Some contemporary non gluten free processing methods of wheat and grains include:-
Switching to utilising ungerminated grain, creating a less digestible gluten network and greater proportion of immunogenic compounds.
Recombining the grain with inflammatory ingredients such as fat, sugar and salt, all of which increase immune sensitivity to gluten when consumed over time.
Removing naturally occurring beneficial compounds during the fractionation and refining process, such as fibre and fibre-bound antioxidants which protect the colonic mucosa.
Combine this with various other techniques such as higher kneading intensities for bread baking, the use of baking powder instead of leaven, increased use of high temperatures and an increase in preservatives and additives and it is not surprising the struggles people face following wheat consumption.
Finally, to add further insult there is the addition of ‘vital’ gluten a purified gluten removed from its natural source so it is no longer accompanied by protective, anti-inflammatory and antioxidant phytochemicals. It is now so extensively utilised that consumption has tripled since the late 1970s, reflecting the same period in which we’ve seen a drastic increase in the rates of gluten sensitivity, food intolerances, leaky gut and Coeliac Disease. It does raise the question who is at fault? Is gluten the one causing harm, or is it us? It’s no coincidence that the prevalence of gluten-related disorders is significantly less in places where wheat is only minimally processed compared to countries in which wheat is highly refined and ultra-processed.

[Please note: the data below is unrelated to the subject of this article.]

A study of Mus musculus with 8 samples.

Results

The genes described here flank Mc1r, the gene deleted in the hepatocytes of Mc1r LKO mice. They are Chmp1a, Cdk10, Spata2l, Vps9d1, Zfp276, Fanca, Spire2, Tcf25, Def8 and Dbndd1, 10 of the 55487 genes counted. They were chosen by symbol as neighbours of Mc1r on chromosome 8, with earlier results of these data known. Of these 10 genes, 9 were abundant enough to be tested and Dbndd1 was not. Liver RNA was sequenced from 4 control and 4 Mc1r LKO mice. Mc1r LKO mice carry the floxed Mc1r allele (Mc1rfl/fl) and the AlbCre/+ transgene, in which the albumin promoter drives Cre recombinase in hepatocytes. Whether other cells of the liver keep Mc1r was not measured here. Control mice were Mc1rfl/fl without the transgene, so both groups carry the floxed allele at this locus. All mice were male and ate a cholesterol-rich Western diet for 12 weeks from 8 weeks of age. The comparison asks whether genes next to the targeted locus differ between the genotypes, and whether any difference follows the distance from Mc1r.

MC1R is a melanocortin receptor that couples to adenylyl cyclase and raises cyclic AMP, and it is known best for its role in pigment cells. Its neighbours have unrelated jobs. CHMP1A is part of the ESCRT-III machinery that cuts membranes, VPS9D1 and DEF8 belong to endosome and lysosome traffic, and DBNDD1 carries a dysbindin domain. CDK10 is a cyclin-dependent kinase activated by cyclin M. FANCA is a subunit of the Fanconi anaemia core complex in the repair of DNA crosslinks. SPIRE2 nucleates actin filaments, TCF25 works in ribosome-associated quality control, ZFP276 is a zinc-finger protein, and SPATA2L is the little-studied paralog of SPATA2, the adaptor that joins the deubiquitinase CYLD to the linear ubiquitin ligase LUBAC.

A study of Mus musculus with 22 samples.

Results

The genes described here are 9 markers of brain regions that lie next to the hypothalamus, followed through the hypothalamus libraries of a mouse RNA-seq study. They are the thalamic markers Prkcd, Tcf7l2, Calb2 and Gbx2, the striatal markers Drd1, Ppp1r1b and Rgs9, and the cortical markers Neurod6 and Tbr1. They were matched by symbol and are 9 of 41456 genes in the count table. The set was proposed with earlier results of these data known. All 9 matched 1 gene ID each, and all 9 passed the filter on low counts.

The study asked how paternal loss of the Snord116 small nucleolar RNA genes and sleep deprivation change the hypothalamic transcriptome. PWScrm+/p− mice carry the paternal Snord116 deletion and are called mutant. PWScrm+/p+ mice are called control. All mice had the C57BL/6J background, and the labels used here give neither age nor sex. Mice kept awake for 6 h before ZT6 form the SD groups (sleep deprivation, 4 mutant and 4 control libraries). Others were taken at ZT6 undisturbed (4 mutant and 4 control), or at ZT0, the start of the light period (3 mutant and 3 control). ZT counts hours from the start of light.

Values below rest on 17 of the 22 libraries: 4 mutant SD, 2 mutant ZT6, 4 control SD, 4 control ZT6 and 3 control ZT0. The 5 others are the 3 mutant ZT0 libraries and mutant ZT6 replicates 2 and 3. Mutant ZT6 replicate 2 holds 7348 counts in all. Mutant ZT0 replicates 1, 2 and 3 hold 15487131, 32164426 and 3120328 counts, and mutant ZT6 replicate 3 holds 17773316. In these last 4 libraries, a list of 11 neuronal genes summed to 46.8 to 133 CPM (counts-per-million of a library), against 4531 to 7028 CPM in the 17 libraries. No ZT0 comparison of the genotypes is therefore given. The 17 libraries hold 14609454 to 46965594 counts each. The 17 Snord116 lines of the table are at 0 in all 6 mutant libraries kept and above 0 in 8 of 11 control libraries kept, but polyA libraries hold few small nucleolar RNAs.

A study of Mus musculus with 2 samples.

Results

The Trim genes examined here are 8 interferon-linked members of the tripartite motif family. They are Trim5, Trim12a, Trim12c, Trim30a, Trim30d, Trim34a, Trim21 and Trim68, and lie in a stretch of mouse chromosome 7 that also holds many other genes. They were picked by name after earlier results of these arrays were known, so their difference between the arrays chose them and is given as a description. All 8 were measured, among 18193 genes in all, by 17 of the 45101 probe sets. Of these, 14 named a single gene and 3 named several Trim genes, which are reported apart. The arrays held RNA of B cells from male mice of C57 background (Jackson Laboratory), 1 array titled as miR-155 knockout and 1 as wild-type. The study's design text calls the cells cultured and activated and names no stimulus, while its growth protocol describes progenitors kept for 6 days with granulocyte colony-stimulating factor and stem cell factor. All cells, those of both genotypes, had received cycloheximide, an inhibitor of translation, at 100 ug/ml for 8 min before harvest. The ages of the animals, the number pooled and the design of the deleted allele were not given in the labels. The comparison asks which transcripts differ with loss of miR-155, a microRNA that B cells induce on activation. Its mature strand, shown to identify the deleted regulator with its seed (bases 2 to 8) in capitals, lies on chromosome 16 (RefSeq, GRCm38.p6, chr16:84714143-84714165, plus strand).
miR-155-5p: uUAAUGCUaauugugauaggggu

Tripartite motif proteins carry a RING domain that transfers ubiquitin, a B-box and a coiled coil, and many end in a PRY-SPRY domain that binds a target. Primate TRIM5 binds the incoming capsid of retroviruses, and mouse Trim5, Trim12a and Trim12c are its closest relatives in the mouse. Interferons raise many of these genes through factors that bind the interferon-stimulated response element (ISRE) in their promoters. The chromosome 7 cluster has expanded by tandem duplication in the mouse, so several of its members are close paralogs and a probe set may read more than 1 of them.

Over the years that the gluten free argument has taken place, gluten has been proposed to have various effects on our physiology, the primary of which is increasing intestinal permeability. One characteristic difference of hybridised wheat compared to wild wheat species is the presence of wheat germ agglutinins (WGAs) – a type of plant lectin. WGAs profoundly increase intestinal permeability, commonly known as ‘leaky gut syndrome’ resulting in increased translocation (movement across the gut barrier) of microbial and dietary antigens, which then interact with cells of the immune system. The intake of WGAs exacerbate gluten’s effects on gut permeability and consequent immune activity creating a variety of symptoms like bloating, gas, alternating bowel, constipation, diarrhoea, weight gain, migraines, rashes, and hives. In more chronic situations may lead to inflammatory reactions to gluten, bowel disease and other auto-immune conditions.